On The Record: Lobbying Researcher Diane Renzulli

 

Researchers at the Center for Public Integrity have spent years pouring over lobbying disclosure forms and state legislature campaign finance records.

The result is a new book, Capitol Offenders, and a companion study, The Fourth Branch, that look at how much influence special interests have in statehouses across the country.

In a Stateline.org interview, lead researcher Diane Renzulli discussed the project.

STATELINE.ORG: What did you expect to find when you began this research?

Renzulli : We didn't go into it with a preconceived notion. What we wanted to do way back when we started in 1995 was get information. At that time there was one newspaper in Indiana that had a database of campaign contributions and they weren't sharing it with anyone else. So we just wanted to get journalists to see this and use it as a springboard. We didn't have any expectations about what we would find we just went in and wanted to make the information available.

STATELINE.ORG: What should states take away from this book and study?

Renzulli: I think a theme that we keep on coming back to is disclosure or lack of disclosure in the states. Disclosure is intended to ensure public trust, and it is lacking. And until that disclosure is there people don't necessarily know what is going on in state legislatures. And I happen to believe what people don't know might hurt them and we need to have the disclosure laws up to par. I think that is the recurrent theme that we found in our research.

STATELINE.ORG: You found that the insurance industry was the biggest lobby across the states and after interviewing 5,056 state legislators you learned that 136 were working for the insurance industry. What conclusions did you draw from this?

Renzulli: Insurance, like many other industries, has a lot of lawmakers who work part-time at the statehouse and part-time in the insurance industry. It is just one of several industries where lawmakers have financial ties to an industry. Because insurance is heavily regulated by the states, it is one of the top issues as far as lobbying goes. What is more important is we need (to judge) the individual cases. We want to look at these personal ties on a case-by-case basis to determine in which instances lawmakers step over the line and inordinately profit from private interests.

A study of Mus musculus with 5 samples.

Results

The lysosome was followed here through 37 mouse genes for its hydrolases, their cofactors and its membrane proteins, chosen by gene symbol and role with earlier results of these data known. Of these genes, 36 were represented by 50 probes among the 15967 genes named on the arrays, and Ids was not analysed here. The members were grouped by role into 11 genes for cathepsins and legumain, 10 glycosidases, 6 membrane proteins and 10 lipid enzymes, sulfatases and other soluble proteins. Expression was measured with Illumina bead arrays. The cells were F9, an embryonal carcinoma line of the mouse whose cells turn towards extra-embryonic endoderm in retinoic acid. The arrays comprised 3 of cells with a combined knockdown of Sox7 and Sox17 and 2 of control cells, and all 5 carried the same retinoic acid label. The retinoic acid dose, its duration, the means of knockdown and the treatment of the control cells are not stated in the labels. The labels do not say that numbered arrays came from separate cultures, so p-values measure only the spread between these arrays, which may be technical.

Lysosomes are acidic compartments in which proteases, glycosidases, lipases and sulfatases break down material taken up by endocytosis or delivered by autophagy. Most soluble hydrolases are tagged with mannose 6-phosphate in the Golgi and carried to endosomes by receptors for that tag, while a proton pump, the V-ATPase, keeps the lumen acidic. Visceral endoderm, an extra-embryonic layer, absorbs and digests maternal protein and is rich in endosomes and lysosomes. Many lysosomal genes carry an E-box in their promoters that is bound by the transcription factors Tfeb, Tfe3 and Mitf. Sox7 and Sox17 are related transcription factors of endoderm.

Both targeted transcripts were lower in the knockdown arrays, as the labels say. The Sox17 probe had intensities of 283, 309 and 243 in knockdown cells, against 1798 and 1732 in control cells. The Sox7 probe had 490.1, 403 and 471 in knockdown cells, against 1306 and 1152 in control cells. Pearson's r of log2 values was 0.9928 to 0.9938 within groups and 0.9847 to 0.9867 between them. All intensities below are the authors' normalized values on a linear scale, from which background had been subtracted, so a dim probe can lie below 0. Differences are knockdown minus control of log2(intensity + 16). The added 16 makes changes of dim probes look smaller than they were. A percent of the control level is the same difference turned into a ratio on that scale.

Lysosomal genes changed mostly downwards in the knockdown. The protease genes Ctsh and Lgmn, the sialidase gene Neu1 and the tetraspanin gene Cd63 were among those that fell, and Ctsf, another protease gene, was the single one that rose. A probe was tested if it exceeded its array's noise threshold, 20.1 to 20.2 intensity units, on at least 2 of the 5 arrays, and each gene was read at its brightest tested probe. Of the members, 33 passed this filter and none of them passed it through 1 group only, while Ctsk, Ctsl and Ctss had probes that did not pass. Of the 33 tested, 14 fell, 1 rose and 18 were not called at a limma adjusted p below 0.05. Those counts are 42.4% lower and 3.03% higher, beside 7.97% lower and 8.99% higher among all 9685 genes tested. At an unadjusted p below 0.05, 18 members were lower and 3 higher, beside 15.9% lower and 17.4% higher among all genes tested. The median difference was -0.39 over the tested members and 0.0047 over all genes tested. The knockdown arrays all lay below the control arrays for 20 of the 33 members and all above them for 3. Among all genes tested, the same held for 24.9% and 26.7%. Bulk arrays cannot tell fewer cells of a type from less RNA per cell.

STATELINE.ORG: CPI President Chuck Lewis, mentioned that no one is really watching the statehouses. Are there things that statehouse reporters could do, research they could do, and stories they could write that would improve this?

Renzulli: I think statehouse reporters are in a really tough spot. They've got thousands of laws to cover in a very short time period. I think they, like state lawmakers, are often understaffed and overwhelmed. Once again the theme we kept on going back to and seeing is that the more disclosure we have, the easier it is for us to see what is going on. I think that would be of interest to reporters covering state legislatures, to see what the state of disclosure is in their state. But I definitely understand how busy they are and how hard it must be to cover the statehouse while it's in session for two months out of the year.